United Tobacco’s 601 series manufactured by Pepin Garcia has been a smashing success, and the Green Label is one of my favorites in the line. It hasn’t been easy to resist the siren’s call over the past year, but I still have a few of these left from the 2007 box that made it to the top ten list for the year.
This is a heavy cigar by design, and I was really curious to see how it would age. Many of the cigars I’ve chosen for “Aging Reports” have not benefited from their extended naps, but the ones that have are the sluggers like this one. I’m coming to the conclusion that as tobacco ages its strength and body attenuate, but in return more subtle nuances appear. So depending on the cigar, and the cigar smoker, this can be either a good or a bad thing.
I gravitate toward medium-bodied blends, with occasional forays into full-bodied and mild territory, so I was sort of looking forward to this one settling down a little. But only sort of, because the flavor is dynamite even if it’s not really in my weight class. So I still found myself picking at the box over the past year, handing a few out with both warnings and accolades, and now I have only a few left. But the year is up. Time for a visit from the ghost of Green Label past.
The first thing I noticed about the aged 601 Oscuro is that it doesn’t start up with the blast of pepper I was expecting — it’s certainly spicy, especially for the first half inch or so, but age has pacified the beast. The next thing I notice is that it burns very slowly, so slowly in fact that the time I allotted to smoke this robusto wasn’t enough to finish the cigar. But this being the 601 Green, two-thirds was enough. I’ve seen how this movie ends.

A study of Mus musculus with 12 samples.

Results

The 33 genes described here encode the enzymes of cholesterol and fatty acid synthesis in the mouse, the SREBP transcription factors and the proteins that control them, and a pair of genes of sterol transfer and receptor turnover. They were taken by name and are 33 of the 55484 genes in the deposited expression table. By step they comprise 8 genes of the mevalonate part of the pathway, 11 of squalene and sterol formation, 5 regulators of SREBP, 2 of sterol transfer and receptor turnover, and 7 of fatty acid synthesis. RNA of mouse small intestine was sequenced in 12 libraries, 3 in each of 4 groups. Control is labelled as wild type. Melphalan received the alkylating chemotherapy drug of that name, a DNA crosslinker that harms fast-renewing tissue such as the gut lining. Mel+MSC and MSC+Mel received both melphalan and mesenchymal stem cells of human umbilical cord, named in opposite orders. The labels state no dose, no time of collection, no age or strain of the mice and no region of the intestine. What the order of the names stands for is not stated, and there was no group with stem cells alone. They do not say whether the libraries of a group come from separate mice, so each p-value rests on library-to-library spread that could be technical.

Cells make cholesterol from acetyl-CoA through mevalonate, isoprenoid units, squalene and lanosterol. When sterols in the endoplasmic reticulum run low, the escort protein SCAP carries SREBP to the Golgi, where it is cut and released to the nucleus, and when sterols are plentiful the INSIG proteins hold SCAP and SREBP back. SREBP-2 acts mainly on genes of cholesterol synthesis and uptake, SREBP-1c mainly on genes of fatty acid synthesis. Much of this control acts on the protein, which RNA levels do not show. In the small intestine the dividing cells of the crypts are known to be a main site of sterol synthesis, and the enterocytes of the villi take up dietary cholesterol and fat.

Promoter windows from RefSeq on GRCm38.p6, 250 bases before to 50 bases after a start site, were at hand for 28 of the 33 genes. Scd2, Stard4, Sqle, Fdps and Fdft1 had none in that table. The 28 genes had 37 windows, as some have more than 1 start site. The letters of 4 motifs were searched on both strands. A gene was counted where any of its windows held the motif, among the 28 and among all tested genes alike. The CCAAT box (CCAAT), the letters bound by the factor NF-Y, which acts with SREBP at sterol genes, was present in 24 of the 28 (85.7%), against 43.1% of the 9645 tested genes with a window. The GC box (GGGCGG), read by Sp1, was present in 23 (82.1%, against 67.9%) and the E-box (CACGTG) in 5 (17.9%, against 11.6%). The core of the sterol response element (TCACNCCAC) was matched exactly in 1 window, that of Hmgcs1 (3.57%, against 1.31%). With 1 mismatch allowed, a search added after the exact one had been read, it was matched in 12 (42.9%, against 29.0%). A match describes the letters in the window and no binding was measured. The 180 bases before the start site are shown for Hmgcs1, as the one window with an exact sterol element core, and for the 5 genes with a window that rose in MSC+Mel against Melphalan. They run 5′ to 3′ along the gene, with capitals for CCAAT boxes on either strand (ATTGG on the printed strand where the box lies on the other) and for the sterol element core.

Despite the slow burn (and somewhat erratic burn line) the Green produces plenty of smoke. There is a sweet char on the nose that gradually becomes more chocolatey. On the palate I get wood with a nice black licorice accent, accompanied by a lingering but not overpowering aftertaste of chocolate and char. Ignoring the spicy overture, this is a medium bodied cigar that quickly becomes full bodied with a good nicotine hit, but it’s not the monster it was a year ago.
The bottom line is that the boldness of this cigar has faded somewhat. There’s plenty of flavor left for smokers of medium to full-bodied cigars, but if you love the explosion of pepper and tannin that a lot of Pepin blends offer when fresh, you’ll want to smoke these within a year of packing. But even after a year the Green Label is still a fantastic cigar, especially if you prefer a mellower profile. It looks like it’s time for me to restock.
Some recent reviews of the 601 Oscuro Tronco:
Linus gives it a 7.5 out of 10 for Cigar Newbie.
Beezer goes toe to toe with the Tronco and learns his lesson.